Cervical spinal stenosis symptoms and treatment options
Cervical spinal stenosis can cause problems anywhere, from the arms and upper back to pain, to tingling, difficulty walking, or numbness in the legs.
Stenosis in medical terminology simply means "narrowing" so cervical (neck) stenosis is a narrowing of the spinal canal in the neck area. It's caused by long term wear and tear on the joints of the spine in the neck.
Please read this page on
arthritis of the neck
if you are interested in learning how your spine degenerated to the point of cervical stenosis.
Symptoms of Cervical Spinal StenosisIn order to understand how degeneration in the neck can cause symptoms and problems in the legs, you need to know just a little bit about basic anatomy.The brain controls your entire body. It sends message down the spinal cord, and out nerves to every cell. Spinal tracts carrying these nerves (think of them as nerve highways) travel all the way down the spinal cord and branch off (like exits of the highway) at certain parts of the spine. For example, the nerves that control your fingers branch off in the neck, and the nerves that control your toes branch off in your low back.
All the nerve highways have to travel down through the neck to get to their exit. When the spinal canal in the neck narrows, it can push on any number of highways.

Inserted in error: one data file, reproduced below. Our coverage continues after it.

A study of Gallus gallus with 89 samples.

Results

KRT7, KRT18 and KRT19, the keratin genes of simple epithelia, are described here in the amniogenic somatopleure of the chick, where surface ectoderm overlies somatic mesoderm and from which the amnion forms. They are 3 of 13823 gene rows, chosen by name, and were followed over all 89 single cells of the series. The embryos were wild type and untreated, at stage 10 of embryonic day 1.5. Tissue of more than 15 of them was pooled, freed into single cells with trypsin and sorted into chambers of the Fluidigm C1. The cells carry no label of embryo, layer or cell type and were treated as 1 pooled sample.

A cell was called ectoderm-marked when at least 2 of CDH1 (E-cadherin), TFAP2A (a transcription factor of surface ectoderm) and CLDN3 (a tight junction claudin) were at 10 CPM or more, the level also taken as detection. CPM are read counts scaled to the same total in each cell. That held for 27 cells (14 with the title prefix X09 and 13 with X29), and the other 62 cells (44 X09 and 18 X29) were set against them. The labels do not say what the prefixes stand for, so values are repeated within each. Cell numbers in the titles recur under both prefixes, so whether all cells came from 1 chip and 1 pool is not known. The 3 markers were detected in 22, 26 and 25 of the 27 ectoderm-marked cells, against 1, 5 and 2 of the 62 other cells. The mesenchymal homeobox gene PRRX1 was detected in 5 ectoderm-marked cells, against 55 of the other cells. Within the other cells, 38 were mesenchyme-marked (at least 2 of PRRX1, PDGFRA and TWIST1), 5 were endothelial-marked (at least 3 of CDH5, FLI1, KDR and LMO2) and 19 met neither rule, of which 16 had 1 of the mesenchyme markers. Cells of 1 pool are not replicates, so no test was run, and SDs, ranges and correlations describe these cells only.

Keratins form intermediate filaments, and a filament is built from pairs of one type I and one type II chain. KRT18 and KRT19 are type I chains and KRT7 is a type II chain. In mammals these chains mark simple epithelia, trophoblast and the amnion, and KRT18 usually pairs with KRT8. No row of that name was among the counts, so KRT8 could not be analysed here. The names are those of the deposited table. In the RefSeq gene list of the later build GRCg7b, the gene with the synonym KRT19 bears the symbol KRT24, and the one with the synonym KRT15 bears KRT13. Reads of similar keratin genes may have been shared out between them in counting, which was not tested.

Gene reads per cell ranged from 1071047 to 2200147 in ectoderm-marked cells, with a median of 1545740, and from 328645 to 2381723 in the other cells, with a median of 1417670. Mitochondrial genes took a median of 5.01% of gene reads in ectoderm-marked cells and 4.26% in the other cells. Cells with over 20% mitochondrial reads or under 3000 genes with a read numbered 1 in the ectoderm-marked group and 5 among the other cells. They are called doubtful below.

It can push on the highway of nerves that controls the movement in your legs, and you might have muscle spasms or muscle weakness. It can push on the highway that helps your body keep it balance, and you may have difficulty walking or standing without help. It may push on the nerve highway that controls the feeling in either your arms or legs and you could have numbness or tingling in the fingers or toes. Each of these different sets of symptoms has a different medical name, but they are all caused by the same process.
Treatment OptionsTreatment options can range from non-invasive to surgery, depending on the severity of your case and your doctor's recommendation.
If the degeneration in your neck is bad, but the bones have not yet started to fuse (an X-ray would show this), conservative care like
can help slow down the progression.
exercises to strengthen supporting muscles, physiotherapy for pain, and home care advice is often given as well.
If your vertebrae have started fusing or if the narrowing is very severe, you may need more invasive care. Your doctor may recommend removing part of the vertebrae to open up the canal; this is called a laminectomy. Another common procedure is to clean up any disc protrustions or herniations that may be pushing on the spinal cord. If your surgeon feels your spine is unstable, they may recommend fusing 2 or more vertebrae together.
Surgery always has risks. For a list of
who specialize in non-surgical care for cervical spinal stenosis, please follow that link for recommendations.